Police in London attached a letter to their questionnaire outlining its legal weight, which was emailed to more than 50 people in No 10, including the Conservative leader.
Under the Police and Crime Evidence Act 1984, a caution must be administered where a person is suspected of committing a criminal offence and is to be questioned about it. This is to ensure their answers – or silence – will be admissible in proceedings.
Mr Johnson is understood to be the first prime minister in Britain to be subject to that level of police questioning. Being sent a questionnaire under caution carries the same weight as being interviewed by police under caution.
The questioning forms part of the Metropolitan Police’s Operation Hillman investigation into about a dozen parties suspected to have been held in Downing Street while Covid-19 restrictions were in place.
“It is our intention to establish the details of the alleged breach and provide you with the opportunity to co-operate with police in the form of a written statement under caution,” the letter read, according to a leaked copy seen by ITV News.
It makes clear the recipient has three options:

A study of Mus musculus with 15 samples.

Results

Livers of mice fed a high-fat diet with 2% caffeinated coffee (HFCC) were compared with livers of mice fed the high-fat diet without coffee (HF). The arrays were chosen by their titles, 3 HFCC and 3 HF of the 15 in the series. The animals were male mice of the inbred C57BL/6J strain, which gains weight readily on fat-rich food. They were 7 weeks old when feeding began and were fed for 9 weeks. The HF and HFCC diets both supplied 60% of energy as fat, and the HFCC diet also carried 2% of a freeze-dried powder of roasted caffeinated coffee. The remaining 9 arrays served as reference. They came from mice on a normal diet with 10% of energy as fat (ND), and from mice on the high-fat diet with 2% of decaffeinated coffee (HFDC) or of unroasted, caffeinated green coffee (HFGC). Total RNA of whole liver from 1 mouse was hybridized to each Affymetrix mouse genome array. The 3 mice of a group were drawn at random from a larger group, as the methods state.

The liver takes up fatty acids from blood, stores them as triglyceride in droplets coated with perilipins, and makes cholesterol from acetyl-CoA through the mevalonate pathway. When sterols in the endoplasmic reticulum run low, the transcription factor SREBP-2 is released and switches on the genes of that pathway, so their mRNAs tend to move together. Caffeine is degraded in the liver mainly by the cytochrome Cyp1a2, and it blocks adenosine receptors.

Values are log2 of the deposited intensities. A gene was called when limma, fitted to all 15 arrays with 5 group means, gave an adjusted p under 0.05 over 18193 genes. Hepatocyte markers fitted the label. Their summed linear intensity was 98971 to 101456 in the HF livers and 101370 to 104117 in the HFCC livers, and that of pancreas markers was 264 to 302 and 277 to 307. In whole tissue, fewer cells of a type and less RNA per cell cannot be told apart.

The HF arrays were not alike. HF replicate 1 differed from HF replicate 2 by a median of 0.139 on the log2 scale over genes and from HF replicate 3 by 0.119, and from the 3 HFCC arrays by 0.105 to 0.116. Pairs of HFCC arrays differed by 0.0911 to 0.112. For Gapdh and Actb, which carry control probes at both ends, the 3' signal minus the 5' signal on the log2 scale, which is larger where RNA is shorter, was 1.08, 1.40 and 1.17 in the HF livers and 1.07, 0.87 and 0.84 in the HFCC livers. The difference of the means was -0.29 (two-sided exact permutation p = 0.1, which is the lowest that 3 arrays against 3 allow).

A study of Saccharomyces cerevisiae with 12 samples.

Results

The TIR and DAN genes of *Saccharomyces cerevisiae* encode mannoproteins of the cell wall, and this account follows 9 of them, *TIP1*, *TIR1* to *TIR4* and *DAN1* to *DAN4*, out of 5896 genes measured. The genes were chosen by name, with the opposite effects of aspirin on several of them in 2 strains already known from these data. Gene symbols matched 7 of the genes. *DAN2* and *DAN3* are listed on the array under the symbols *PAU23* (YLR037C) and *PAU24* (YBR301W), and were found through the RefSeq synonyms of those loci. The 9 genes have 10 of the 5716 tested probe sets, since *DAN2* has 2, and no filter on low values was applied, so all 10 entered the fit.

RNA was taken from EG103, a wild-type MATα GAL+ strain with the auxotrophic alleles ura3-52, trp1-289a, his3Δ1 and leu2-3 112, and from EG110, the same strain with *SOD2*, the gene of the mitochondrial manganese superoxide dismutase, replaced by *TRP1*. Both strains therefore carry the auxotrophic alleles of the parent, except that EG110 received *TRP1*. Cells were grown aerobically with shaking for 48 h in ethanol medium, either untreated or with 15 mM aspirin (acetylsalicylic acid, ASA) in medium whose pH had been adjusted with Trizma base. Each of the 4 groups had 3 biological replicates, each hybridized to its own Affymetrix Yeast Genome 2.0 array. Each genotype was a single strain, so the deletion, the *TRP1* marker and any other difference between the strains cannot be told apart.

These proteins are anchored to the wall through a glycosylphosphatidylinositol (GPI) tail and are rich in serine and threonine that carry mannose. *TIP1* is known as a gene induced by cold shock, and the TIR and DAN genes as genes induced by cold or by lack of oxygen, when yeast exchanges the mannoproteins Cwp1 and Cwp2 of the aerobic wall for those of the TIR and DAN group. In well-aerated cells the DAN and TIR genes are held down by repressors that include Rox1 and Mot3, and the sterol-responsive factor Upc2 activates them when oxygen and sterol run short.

· Do not answer the questions
· Provide written answers to the questions listed on the form
· Submit a prepared statement in your own words
Each recipient was asked to give a “lawful exception” or “reasonable excuse” for any party they attended. It states at the outset suspects have an opportunity to provide “a written statement under caution”.
Around a dozen questions follow, including:
· “Did you participate in a gathering on a specific date?"
· “What was the purpose of your participation in that gathering?”
· “Did you interact with, or undertake any activity with, other persons present at the gathering? If yes, please provide details”
The prime minister has already admitted attending multiple gatherings but insists they were held for work purposes.
He has already returned his questionnaire to Scotland Yard.
Downing Street said this month he would not receive personal legal advice from government lawyers on the matter.
Criminal law barrister Andrew Keogh said the questionnaire "suggests that this is not a thorough investigation" and said the questions put forward are "as basic as you can possibly imagine them to be".
The Met Police had faced criticism over a reluctance to launch a probe into the parties, before announcing in January a criminal investigation would take place.